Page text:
In this paper, we present the results and findings of the Shared Task on Gender Rewriting, which was organized as part of the Seventh Arabic Natural Language Processing Workshop. The task of gender rewriting refers to generating alternatives of a given sentence to match different target user gender contexts (e.g., a female speaker with a male listener, a male speaker with a male listener, etc.). This requires changing the grammatical gender (masculine or feminine) of certain words referring to the users. In this task, we focus on Arabic, a gender-marking morphologically rich language. A total of five teams from four countries participated in the shared task.
Addressing the correct gender in generative tasks (e.g., Machine Translation) has been an overlooked issue in the Arabic NLP. However, the recent introduction of the Arabic Parallel Gender Corpus (APGC) dataset has established new baselines for the Arabic Gender Rewriting task. To address the Gender Rewriting task, we first pre-train our new Seq2Seq ArabicT5 model on a 17GB of Arabic Corpora. Then, we continue pre-training our ArabicT5 model on the APGC dataset using a newly proposed method. Our evaluation shows that our ArabicT5 model, when trained on the APGC dataset, achieved competitive results against existing state-of-the-art methods. In addition, our ArabicT5 model shows better results on the APGC dataset compared to other Arabic and multilingual T5 models.
Pre-training Transformer-based models such as BERT and ELECTRA on a collection of Arabic corpora, demonstrated by both AraBERT and AraELECTRA, shows an impressive result on downstream tasks. However, pre-training Transformer-based language models is computationally expensive, especially for large-scale models. Recently, Funnel Transformer has addressed the sequential redundancy inside Transformer architecture by compressing the sequence of hidden states, leading to a significant reduction in the pre-training cost. This paper empirically studies the performance and efficiency of building an Arabic language model with Funnel Transformer and ELECTRA objective. We find that our model achieves state-of-the-art results on several Arabic downstream tasks despite using less computational resources compared to other BERT-based models.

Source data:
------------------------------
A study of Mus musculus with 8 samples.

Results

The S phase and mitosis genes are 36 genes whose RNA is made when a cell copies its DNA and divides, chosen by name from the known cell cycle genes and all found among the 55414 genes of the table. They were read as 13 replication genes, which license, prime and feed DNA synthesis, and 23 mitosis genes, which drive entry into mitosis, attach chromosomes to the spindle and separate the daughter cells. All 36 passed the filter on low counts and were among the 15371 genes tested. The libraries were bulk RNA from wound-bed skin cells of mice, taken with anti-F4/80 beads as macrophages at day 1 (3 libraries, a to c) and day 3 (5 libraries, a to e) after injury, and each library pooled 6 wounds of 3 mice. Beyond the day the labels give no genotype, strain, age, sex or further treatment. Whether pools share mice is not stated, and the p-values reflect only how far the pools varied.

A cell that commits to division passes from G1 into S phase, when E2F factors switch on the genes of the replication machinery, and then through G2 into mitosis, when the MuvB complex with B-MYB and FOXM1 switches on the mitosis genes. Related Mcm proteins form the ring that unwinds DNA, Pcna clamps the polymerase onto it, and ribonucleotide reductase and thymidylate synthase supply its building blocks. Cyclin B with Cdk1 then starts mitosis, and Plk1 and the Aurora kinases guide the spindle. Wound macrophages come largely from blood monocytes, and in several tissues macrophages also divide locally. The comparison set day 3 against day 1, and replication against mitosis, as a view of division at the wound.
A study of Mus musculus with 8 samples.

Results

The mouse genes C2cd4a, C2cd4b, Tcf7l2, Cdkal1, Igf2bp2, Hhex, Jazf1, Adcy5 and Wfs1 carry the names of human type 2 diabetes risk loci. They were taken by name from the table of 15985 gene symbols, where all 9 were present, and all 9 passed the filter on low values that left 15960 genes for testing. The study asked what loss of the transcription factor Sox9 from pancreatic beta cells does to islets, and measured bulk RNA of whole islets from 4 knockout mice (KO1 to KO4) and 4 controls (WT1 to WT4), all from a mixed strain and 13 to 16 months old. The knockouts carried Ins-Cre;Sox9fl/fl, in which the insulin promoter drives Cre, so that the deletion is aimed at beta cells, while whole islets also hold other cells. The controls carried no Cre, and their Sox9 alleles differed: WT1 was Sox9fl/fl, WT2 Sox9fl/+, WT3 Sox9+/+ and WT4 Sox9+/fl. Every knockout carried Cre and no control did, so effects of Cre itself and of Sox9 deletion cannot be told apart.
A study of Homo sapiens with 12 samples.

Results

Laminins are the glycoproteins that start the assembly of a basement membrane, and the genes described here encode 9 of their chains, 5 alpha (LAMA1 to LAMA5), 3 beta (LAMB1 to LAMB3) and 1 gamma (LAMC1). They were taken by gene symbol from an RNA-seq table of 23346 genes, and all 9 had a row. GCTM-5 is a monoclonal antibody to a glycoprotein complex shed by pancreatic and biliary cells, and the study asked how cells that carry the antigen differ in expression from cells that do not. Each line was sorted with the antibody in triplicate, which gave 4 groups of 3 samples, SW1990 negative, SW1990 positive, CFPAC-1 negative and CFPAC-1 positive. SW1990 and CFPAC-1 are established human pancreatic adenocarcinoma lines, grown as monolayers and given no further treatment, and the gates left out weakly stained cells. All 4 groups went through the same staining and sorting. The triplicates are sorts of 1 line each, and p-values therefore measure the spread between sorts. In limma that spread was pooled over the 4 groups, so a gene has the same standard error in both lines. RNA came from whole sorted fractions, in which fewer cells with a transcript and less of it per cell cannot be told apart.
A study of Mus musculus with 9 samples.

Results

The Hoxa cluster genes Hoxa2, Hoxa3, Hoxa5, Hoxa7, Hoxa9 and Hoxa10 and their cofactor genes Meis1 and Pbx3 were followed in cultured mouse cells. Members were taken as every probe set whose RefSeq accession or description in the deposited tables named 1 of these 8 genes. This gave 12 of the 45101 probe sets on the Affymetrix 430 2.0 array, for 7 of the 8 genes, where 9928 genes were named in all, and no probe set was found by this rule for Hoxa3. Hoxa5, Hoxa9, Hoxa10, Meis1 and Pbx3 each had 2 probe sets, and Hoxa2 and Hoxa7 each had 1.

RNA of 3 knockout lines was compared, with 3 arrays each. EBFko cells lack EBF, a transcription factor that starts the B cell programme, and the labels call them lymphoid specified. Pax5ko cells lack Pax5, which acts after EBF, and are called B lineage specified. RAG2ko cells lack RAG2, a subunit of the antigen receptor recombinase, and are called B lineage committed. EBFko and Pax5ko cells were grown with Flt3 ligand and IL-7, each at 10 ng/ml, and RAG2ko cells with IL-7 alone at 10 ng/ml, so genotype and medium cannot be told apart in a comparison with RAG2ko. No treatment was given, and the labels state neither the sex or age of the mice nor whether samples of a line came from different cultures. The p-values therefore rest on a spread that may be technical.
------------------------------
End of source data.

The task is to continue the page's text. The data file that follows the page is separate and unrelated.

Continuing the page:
The impact of design choices on the performance of biomedical language models recently has been a subject for investigation. In this paper, we empirically study biomedical domain adaptation with large transformer models using different design choices. We evaluate the performance of our pretrained models against other existing biomedical language models in the literature. Our results show that we achieve state-of-the-art results on several biomedical domain tasks despite using similar or less computational cost compared to other models in the literature. Our findings highlight the significant effect of design choices on improving the performance of biomedical language models.